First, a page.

Alicia Ostriker

The sycamores are leafing out

on west fourth street and I am weirdly old

yet their pale iridescence pleases me

as I emerge from the subway into traffic

and trash and patchouli gusts—now that I am retired

pleasure is permitted to me

I have less

interfering with my gaze now

what I see I see clearly

and with less grievance and anger than before

and less desire: it is not that I have conquered these passions

they have worn themselves out

if I smile admiring four Brazilian men

playing handball on a sunny concrete court

shouting in Portugese

thin gloves protecting their hands from the sting of the flying ball

their backs like sinewy roots, gold flashing on their necks

if I watch them samba with their shadows

torqued like my father fifty years ago

when the sons of immigrant Jews

played fierce handball in Manhattan playgrounds

—if I think these men are the essence of the city

it is because of their beauty

since I have learned to be a fool for beauty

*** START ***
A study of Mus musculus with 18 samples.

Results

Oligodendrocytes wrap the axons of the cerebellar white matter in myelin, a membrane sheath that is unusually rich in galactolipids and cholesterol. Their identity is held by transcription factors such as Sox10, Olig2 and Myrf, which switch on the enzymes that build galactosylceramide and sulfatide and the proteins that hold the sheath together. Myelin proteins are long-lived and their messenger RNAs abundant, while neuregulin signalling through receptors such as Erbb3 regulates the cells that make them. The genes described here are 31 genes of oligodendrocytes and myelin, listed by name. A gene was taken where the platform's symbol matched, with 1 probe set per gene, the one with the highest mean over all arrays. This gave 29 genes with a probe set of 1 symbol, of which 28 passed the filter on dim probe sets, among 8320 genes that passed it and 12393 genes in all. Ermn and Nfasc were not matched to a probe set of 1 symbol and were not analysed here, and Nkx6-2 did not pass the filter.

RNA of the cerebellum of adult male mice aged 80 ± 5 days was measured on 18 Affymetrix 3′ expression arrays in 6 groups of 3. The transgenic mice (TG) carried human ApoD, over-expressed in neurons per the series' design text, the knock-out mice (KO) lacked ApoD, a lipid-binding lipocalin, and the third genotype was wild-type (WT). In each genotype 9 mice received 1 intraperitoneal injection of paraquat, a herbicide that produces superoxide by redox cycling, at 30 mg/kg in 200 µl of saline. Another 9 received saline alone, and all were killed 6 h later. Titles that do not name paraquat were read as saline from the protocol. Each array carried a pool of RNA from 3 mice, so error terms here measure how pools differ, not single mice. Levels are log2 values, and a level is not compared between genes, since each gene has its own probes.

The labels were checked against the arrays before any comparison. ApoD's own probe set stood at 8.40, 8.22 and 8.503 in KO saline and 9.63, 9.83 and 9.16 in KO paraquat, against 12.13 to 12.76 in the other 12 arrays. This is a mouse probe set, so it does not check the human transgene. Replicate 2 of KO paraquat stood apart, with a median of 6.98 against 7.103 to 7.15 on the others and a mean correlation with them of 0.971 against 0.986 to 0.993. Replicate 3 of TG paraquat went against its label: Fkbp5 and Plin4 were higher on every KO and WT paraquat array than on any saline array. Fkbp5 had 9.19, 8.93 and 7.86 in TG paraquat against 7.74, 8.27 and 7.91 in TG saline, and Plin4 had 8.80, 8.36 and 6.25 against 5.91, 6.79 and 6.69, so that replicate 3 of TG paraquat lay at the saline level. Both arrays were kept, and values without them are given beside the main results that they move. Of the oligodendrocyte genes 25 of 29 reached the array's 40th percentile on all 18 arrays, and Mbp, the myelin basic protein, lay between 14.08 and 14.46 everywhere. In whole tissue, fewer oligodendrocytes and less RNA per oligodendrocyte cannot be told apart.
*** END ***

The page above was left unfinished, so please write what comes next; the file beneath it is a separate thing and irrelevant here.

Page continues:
West Fourth Street by Alicia Ostriker is the 2007 Anderbo Poetry Prize "Poem of Distinction" for which she receives a plaque. Alicia Ostriker has published eleven volumes of poetry, most recently The Volcano Sequence (Pittsburgh 2002) and No Heaven (Pittsburgh 2005). She is the author of Stealing the Language: The Emergence of Womenís Poetry inAmerica (Beacon 1986) and other books on poetry and on the Bible. Her most recent prose work is Dancing at the Devilís Party: Essays on Poetry,Politics, and the Erotic (Michigan 2002), She has received awards and fellowships from the NEA, the Guggenheim and Rockefeller foundations, the Poetry Society of America, and the San Francisco State Poetry Center, among others, and has been twice a finalist for the National Book Award. Ostriker lives in Princeton, NJ, is Professor Emerita of English at Rutgers University, and teaches in the low-residency Poetry MFA program of New England College.